When you first start cycling, you may well have been a bit shy to ask a few important questions. These may well have been answered by friendly fellow cyclists or perhaps led to you finding out the hard way – through pain, embarrassment, bonking or a combination of all three!
If you are still a little unsure, or just getting into the sport yourself, here are a few useful tips to help you on your way.
Do I need to wear lycra?
There are a few points on this list that will draw some debate, but if you are looking at riding a bike for longer than a leisurely roll down to the shops - then lycra is king.
You may assume that cyclists just enjoy the feeling of tight fitting clothing, but the padded chamois and aerodynamic lycra will ensure you can excel when it comes to comfort and performance on the bike.
Do I have to shave my legs?
To shave or not to shave, that is the question. It is a conundrum many cyclists still ponder over, with very vocal camps on both sides.
It is considered the ‘pro’ look, with some suggesting it is crucial for aerodynamic gains as well as making road rashes and cuts easier to clean. Some people may not want to admit it, but they actually like the feeling of a clean shaved leg as well…
But if you are just starting out in the sport, we will leave this decision up to you.
Is it ok to feel some numbness?
To an extent, obviously you don’t want to feel any pain whatsoever when riding a bike if possible. But there may be a few teething problems when you first hit the road or test out a new bike.
If these problems persist you should seek a bike fit to adjust your saddle and bike set up accordingly. Seeking medical attention should be your next port of call if the aches and pains continue to linger.
Should I wear pants underneath my shorts?
This is one way to cause issues ‘downstairs’, as the padded part of your cycling shorts is designed to be in direct contact with the skin.
Therefore anything getting in the way, such as underwear, will only cause issues and increase the chances of saddle sores.
Do I need to apply chamois cream?
It may not be necessary for some people, but it can really make cycling a lot more comfortable - just by applying a thin layer onto the chamois. As the saying goes ‘prevention is always better than a cure’.
Why am I always hungry?
It is inevitable that the increased time you spend on the bike will increase your energy expenditure - meaning a hunger crave won’t be far away!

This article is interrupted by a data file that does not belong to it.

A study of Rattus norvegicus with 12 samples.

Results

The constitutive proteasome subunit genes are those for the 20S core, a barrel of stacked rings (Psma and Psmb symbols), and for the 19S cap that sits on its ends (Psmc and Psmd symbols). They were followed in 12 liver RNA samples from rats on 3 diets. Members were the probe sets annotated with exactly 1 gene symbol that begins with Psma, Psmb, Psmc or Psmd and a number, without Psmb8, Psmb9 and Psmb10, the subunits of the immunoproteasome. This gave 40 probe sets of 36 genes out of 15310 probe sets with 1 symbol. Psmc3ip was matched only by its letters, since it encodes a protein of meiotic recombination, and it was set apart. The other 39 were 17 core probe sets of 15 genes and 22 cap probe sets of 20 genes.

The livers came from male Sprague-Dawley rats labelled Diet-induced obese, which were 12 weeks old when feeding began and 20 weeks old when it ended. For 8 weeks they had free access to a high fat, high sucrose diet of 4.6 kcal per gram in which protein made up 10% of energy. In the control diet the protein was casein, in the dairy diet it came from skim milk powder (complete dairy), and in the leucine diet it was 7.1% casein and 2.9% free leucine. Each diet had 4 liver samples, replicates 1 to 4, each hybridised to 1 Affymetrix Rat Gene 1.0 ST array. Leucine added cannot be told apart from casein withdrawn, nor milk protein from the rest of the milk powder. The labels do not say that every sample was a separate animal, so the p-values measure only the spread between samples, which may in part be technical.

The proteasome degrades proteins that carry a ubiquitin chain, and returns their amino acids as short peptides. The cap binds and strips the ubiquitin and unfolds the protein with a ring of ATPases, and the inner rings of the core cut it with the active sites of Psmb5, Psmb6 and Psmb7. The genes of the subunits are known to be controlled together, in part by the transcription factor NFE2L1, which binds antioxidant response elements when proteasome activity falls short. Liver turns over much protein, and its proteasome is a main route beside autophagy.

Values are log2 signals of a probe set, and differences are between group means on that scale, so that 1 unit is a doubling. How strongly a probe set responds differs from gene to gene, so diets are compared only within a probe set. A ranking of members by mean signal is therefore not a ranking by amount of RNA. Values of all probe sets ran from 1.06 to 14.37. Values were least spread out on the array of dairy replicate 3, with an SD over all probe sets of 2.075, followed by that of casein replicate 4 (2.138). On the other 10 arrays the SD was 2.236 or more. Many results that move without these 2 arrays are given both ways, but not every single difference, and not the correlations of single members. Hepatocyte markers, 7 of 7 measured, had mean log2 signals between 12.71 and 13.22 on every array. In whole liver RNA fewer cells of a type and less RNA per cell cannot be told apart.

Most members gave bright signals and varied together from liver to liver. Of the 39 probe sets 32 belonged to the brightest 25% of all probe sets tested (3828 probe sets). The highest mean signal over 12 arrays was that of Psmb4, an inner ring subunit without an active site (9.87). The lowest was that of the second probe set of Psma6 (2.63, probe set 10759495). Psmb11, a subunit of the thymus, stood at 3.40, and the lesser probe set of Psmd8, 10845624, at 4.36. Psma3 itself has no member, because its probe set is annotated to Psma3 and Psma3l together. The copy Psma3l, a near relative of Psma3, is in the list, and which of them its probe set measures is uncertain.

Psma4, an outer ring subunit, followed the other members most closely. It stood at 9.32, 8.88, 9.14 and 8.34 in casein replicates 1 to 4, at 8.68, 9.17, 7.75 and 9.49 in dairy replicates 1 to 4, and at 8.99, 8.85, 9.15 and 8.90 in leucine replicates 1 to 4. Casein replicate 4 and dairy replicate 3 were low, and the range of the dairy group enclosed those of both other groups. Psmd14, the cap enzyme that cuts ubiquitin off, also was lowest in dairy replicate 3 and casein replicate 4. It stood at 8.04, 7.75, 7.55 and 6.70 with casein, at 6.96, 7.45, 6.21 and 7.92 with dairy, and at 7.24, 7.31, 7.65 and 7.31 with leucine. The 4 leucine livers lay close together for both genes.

It’s important to accept this is going to happen, but don’t over compensate too much, and rack up eating more calories than you are burning on the bike.
Do I have to eat energy bars and gels?
Once again this is up to your own personal preference, energy bars, gels and other cycling nutrition products are great for quick energy and ensuring your cycling performance doesn’t suffer.
But this doesn’t mean that you have to avoid natural food altogether, as they can still fuel a leisurely ride sufficiently.
Why are there so many hills?
Along with being on constant weather watch, when you start to cycle you will realise the world isn’t as flat as you first thought.
Every little drag or rise in the road is a lot more noticeable when you don’t have a motor powering you up a hill. But you more than make up for it when you hit the descent on the other side.
Is it wrong to admire my physical gains?
When you work hard and start to see physical results why not enjoy them for all there worth. So feel free to have a little flex!
Should I be open with the cycling community?
You’ll notice that the cycling community are pretty friendly and open bunch, therefore discussing any further issues or questions with them is a wise choice. The chances are that what you are asking them has happened to them in the past.
Thank you for reading 5 articles this month* Join now for unlimited access
Enjoy your first month for just £1 / $1 / €1
*Read 5 free articles per month without a subscription
Join now for unlimited access
Try first month for just £1 / $1 / €1
Paul Knott is a fitness and features writer, who has also presented Cycling Weekly videos as well as contributing to the print magazine as well as online articles. In 2020 he published his first book, The Official Tour de France Road Cycling Training Guide (Welbeck), a guide designed to help readers improve their cycling performance via cherrypicking from the strategies adopted by the pros.